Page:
WASHINGTON — A New Year's deadline that could send the price of milk skyward looms over congressional negotiators as they try to reach agreement on a five-year farm bill. They've been tripped up by differences over the nation's food stamp program and how to restructure farm subsidies.
The two chambers have been far apart on both issues for more than two years. But the leaders of the House and Senate Agriculture committees expressed optimism after a private meeting Wednesday that they may be able to find resolution in time to narrowly avert the expiration of dairy subsidies on Jan. 1. If those subsidies expire, new laws will kick in that could result in decreased dairy supply on the commercial market and higher prices for a gallon of milk.
Rep. Mike Conaway of Texas, a Republican on the House-Senate farm bill conference committee, said negotiators could possibly hold a public meeting next week for the conference committee to settle some of the remaining issues before the House leaves for the year on Dec. 13. But with a final deal still elusive, it seems unlikely that Congress will finish the bill before the end of the year.
On Thursday, House Speaker John Boehner said the bill should be extended through January while negotiators work out their differences. Boehner also contradicted the optimism of House Agriculture Committee Chairman Frank Lucas, R-Okla., who said Wednesday that the two sides had made "great progress."
"You know, I've not seen any real progress on the farm bill," Boehner said. "And so if we've got to pass a one-month extension of the farm bill, I think we ought to be prepared to do that."
An extension is not certain, however. Senate Majority Leader Harry Reid, D-Nev., has said he doesn't want to extend the bill again after Congress already extended the bill at the beginning of this year.
Finding a compromise on cuts to the nation's $80 billion-a-year food stamp program has been the toughest obstacle over the last two years. The House passed a bill this summer that would cut $4 billion from food stamps — now known as the Supplemental Nutrition Assistance Program, or SNAP — annually and allow states to create new work requirements for some recipients. The Democratic Senate, backed by President Barack Obama, passed a farm bill with $400 million annual cut, or a tenth of the House cut.
Negotiators have discussed as a possibility cracking down further on a practice in some states of giving low-income people as little as $1 a year in home heating assistance, even when they don't have heating bills, in order to make them eligible for increased food stamp benefits. The Senate found its $400 million in annual cuts by requiring that recipients receive at least $10 in assistance to make them eligible, while the House doubled that cut by requiring that recipients receive $20 annually — bringing the savings to around $800 million a year.
It's unclear whether a compromise would include the new work requirements passed by the House, but the Senate is unlikely to go along with those proposals. The Senate has also balked at a House provision to end government waivers that have allowed able-bodied adults without dependents to receive food stamps indefinitely. That proposal has been particularly important to House Majority Leader Eric Cantor, R-Va.
White House spokesman Jay Carney reiterated Obama's support for the Senate version of the bill Thursday, calling the House SNAP cuts "unconscionable" and harmful to families across the country.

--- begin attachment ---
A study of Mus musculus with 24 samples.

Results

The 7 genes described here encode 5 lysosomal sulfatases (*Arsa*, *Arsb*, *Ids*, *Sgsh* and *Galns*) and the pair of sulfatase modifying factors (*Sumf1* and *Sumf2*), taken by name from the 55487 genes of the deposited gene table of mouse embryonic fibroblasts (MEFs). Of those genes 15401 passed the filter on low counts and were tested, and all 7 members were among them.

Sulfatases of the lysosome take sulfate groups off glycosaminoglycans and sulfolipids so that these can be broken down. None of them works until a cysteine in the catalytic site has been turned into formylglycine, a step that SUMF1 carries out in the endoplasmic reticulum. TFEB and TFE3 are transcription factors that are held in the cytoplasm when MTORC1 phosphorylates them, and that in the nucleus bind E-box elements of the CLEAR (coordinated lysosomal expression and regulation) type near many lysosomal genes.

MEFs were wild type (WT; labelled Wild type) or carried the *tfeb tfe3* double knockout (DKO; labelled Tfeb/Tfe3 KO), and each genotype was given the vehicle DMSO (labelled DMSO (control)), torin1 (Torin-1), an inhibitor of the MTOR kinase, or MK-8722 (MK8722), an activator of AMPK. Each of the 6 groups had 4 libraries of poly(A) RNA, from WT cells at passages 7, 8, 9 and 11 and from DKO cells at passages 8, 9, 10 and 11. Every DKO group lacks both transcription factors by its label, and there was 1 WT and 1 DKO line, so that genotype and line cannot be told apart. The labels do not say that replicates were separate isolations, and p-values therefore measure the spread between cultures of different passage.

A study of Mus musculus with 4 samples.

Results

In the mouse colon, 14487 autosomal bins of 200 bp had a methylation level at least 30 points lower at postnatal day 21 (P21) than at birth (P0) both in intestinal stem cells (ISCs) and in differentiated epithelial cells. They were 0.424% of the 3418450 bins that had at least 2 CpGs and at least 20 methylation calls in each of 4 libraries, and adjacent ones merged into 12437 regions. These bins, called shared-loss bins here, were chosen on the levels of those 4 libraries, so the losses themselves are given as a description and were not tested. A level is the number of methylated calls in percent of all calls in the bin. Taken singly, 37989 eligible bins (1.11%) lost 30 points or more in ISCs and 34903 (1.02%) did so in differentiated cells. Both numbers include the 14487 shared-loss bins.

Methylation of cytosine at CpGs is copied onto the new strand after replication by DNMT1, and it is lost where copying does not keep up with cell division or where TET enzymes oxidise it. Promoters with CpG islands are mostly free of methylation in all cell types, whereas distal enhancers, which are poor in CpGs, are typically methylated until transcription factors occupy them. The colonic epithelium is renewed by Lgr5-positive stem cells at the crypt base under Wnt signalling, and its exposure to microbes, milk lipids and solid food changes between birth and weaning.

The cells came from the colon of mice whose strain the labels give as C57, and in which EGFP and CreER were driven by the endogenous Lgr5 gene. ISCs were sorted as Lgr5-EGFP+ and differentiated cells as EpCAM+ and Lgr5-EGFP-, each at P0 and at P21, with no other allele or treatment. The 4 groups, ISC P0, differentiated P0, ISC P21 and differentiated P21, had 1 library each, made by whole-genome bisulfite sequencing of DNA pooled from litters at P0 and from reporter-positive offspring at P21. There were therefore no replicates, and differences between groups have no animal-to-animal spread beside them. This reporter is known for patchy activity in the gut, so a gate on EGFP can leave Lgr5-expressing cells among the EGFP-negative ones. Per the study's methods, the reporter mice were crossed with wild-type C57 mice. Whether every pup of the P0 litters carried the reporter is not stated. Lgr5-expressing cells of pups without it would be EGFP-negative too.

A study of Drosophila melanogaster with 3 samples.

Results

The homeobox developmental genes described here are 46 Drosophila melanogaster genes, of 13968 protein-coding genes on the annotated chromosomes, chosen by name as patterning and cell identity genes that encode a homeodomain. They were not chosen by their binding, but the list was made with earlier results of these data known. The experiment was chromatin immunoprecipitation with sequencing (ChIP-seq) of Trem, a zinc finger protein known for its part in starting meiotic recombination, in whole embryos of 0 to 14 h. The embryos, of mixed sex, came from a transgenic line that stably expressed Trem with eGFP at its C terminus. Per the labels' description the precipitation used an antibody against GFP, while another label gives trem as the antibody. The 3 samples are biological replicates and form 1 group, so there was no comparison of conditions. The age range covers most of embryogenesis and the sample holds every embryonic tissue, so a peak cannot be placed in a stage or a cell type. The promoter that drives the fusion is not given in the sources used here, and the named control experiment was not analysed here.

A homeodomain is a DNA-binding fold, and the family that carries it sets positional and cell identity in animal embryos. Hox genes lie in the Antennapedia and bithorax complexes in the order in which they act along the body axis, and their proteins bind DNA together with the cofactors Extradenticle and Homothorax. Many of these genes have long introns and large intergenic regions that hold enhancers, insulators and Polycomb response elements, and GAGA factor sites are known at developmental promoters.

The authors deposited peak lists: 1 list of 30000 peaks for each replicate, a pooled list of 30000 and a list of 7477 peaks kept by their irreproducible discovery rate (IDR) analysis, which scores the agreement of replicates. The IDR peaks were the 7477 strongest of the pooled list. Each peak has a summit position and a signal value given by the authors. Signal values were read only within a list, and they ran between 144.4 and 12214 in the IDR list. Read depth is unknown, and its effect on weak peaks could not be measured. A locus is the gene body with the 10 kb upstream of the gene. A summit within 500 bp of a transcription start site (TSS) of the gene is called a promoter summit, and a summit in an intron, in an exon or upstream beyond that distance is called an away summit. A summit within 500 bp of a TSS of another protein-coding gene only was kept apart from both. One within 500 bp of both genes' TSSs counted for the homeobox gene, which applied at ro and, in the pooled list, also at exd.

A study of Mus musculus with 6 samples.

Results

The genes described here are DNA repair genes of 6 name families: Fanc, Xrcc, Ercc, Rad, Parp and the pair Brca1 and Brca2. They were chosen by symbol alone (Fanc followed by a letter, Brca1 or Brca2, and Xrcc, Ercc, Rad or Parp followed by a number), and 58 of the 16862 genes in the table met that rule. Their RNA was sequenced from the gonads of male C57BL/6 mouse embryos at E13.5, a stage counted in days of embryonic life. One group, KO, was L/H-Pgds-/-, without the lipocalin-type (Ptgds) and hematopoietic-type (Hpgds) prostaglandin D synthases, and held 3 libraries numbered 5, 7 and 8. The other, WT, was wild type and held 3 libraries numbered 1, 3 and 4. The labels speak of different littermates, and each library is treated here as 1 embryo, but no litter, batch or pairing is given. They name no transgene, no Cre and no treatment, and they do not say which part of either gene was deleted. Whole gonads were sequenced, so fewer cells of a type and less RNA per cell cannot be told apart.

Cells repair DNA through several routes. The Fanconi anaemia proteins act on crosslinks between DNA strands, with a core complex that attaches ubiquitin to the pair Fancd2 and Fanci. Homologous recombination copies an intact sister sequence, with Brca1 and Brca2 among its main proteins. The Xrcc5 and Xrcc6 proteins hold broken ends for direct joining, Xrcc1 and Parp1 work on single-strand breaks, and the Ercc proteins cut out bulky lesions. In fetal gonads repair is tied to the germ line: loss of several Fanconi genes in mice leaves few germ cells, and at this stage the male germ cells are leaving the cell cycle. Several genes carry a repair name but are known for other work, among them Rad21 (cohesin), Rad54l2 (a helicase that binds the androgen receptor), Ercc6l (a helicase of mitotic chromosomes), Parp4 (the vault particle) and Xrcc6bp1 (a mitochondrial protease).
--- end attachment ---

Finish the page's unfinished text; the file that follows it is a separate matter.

"The president has mentioned and made clear that there is an opportunity for bipartisan cooperation on a comprehensive farm bill," Carney said. "And he hopes and expects that that can be achieved before the end of the year."
Negotiators are also working out how farm subsidies should be restructured in the absence of a traditional subsidy called direct payments, which are paid to farmer regardless of crop price or crop yield. Both chambers' bills would eliminate this $5 billion annual subsidy in response to critics who say it pays farmers not to farm. But they have argued over how to replace those payments, with major farm groups squabbling over whether subsidies should kick in based on crop prices or farmer revenue, and how to count the acreage on which the subsidies are based.
Minnesota Rep. Collin Peterson, the top Democrat on the House Agriculture Committee, said negotiators had tentatively resolved some of those subsidy issues. But they are still waiting for analysis of how much their proposals would cost, a process that could take until next week.
If the negotiators can't agree on a bill and Congress allows the dairy supports to expire, 1930s and 1940s-era "permanent" farm law would go into effect. Those laws would raise the price that the government currently pays to purchase dairy products, prompting many processors to sell to the government instead of commercial markets. That would decrease commercial supply and consequently raise prices for shoppers at grocery stores.
Prices wouldn't go up immediately, as the Agriculture Department would have to write the new rules based on the old laws and then put them into place. But Agriculture Secretary Tom Vilsack is warning that it may not take that long, saying USDA was prepared to implement the dairy law in "short order" if current law expires.
"But boy, I tell you, that's not something that I want to do," Vilsack said. "I'm reasonably certain that's not anything that anybody in Congress would want to have happen, and I'm sure that no consumer is anxious to see that happen. So hopefully we continue to see progress."
Associated Press writers Henry C. Jackson and Nedra Pickler contributed to this report.